Ensure You're Covered No Matter Where You Are
When you’re going on vacation or traveling, the over-arching feeling is one of excitement. What clothes should you wear? Which restaurants will you eat at? Which famous sights will you visit?
While planning a vacation is undoubtedly fun, there are some more practical elements to think about. If you get sick in another country, for example, and need to use their healthcare services without the same insurance coverage you enjoy in your own country, you leave yourself vulnerable to being hit with a huge bill.
Likewise, if you’re traveling long haul and you arrive at your destination only to find your suitcases haven’t arrived with you, you may require money to cover lost, stolen or damaged goods.
That’s where travel insurance comes in. If you’re wondering whether or not to buy travel insurance and whether you need that extra layer of travel protection, read on to discover the benefits and when it’s needed.
What is Travel Insurance?
Travel insurance provides financial protection in the case of problems when you’re traveling either internationally or domestically. You pay a fee (which might be one-off, monthly or another format, depending on the length of your travel), which allows you to claim financial compensation when you experience one of the issues covered in your policy.
Many travel insurance policies include an ‘excess,’ which is the amount of money you have to pay to access the compensation. Let’s say your excess is $100, and your medical bill amounts to $500, you’d have to pay ⅕ of the costs.
Travel policies vary in the types of issues they cover, but in general, you can expect insurance coverage for some of the following things.
If you need to use a doctor abroad or suffer the unfortunate fate of needing to use a hospital, this cover will take care of your medical expenses. Depending on where you’re visiting, medical bills can be huge, so this is one of the most important types of coverage you’ll need. Just don’t forget to tell your medical insurance provider about any existing medical conditions, or they may not approve you.
If you take out a medical insurance policy, the amount of money it covers should be significant - thousands of dollars.
Cancellation, Delay or Missed Departure
Anybody who’s ever traveled by plane knows things don’t always go to plan. If your flight is canceled or a delay impacts your connection, this type of coverage takes care of the resulting costs.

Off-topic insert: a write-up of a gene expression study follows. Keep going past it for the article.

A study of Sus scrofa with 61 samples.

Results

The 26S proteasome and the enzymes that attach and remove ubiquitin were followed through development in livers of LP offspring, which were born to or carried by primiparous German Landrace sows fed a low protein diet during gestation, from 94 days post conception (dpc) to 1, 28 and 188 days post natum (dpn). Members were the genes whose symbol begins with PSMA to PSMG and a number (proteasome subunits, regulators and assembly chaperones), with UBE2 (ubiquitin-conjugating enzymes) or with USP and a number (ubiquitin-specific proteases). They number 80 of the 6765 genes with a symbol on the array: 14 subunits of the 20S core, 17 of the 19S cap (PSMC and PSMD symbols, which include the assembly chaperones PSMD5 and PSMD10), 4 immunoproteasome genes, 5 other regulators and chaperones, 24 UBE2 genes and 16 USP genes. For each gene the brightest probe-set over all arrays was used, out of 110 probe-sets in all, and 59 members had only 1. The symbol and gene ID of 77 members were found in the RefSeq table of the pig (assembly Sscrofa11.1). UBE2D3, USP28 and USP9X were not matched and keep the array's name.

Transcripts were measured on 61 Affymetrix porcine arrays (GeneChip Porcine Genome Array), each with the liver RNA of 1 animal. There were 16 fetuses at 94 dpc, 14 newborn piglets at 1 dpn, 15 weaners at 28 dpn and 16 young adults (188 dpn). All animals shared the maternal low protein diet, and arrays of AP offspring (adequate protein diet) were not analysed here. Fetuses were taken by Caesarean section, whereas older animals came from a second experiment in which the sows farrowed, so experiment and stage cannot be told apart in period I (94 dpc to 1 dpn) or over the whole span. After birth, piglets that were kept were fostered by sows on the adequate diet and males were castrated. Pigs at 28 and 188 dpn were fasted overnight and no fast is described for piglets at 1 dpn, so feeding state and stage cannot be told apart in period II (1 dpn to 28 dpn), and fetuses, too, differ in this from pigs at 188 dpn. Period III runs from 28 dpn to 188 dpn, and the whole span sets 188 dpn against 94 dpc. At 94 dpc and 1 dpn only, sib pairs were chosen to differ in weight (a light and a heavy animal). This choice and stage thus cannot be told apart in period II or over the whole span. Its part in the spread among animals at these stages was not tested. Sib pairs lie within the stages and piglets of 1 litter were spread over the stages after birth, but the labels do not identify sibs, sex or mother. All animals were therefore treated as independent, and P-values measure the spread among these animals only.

Good coverage should cover at least $3,000 worth of costs.
This type of insurance covers you if you injure somebody or damage their property while on vacation. You should look for policies that cover at least $500,000.
Personal belongings insurance will pay out if your personal items, luggage or money is lost or stolen. Look for coverage of around $2,000, depending on how valuable your items are. Remember to check whether you have an existing insurance policy for items like your phone or laptop.
The Benefits of Travel Insurance
The most obvious benefit of travel insurance is that you won’t miss out financially in the case of emergencies. Thanks to travel insurance, a trip to the doctor or a canceled flight won’t bankrupt you.
Peace of Mind
Traveling can be stressful enough as it is without worrying that you’ll spend your life savings on a hospital trip if you get food poisoning. Travel insurance provides you with peace of mind that can make your trip more enjoyable.
If you fail to take out travel insurance, you might be reluctant to visit a medical professional when you’re sick or injured on vacation, which can have serious consequences. When you’ve taken out travel insurance, you won’t have to make the difficult choice between your health or your money.
When Should I Get Travel Insurance?
In most instances of traveling (especially internationally), insurance is worth it. Travel insurance policies don’t tend to be too expensive, and you’ll enjoy peace of mind on your trip as well as financial support if anything were to go wrong.
You might consider skipping travel insurance to save money, but in most cases, you’ll be glad you bought it if the need arises. While healthcare costs are cheaper in some European countries, for example than elsewhere, it’s still better to have coverage than not.
You can apply common sense to these situations, too. If you’re driving a few states over, where your existing health insurance covers you and you’re taking one bag and your own car, travel insurance is probably unnecessary.
If you’re going on a 6-month trek through the Amazon jungle, however, travel insurance will be as crucial to your journey as your passport.
Some cards come with travel insurance, so check whether you’re already covered before applying for a new policy. If you don’t have existing coverage, look for insurance providers with an excellent reputation, good coverage and reasonable prices.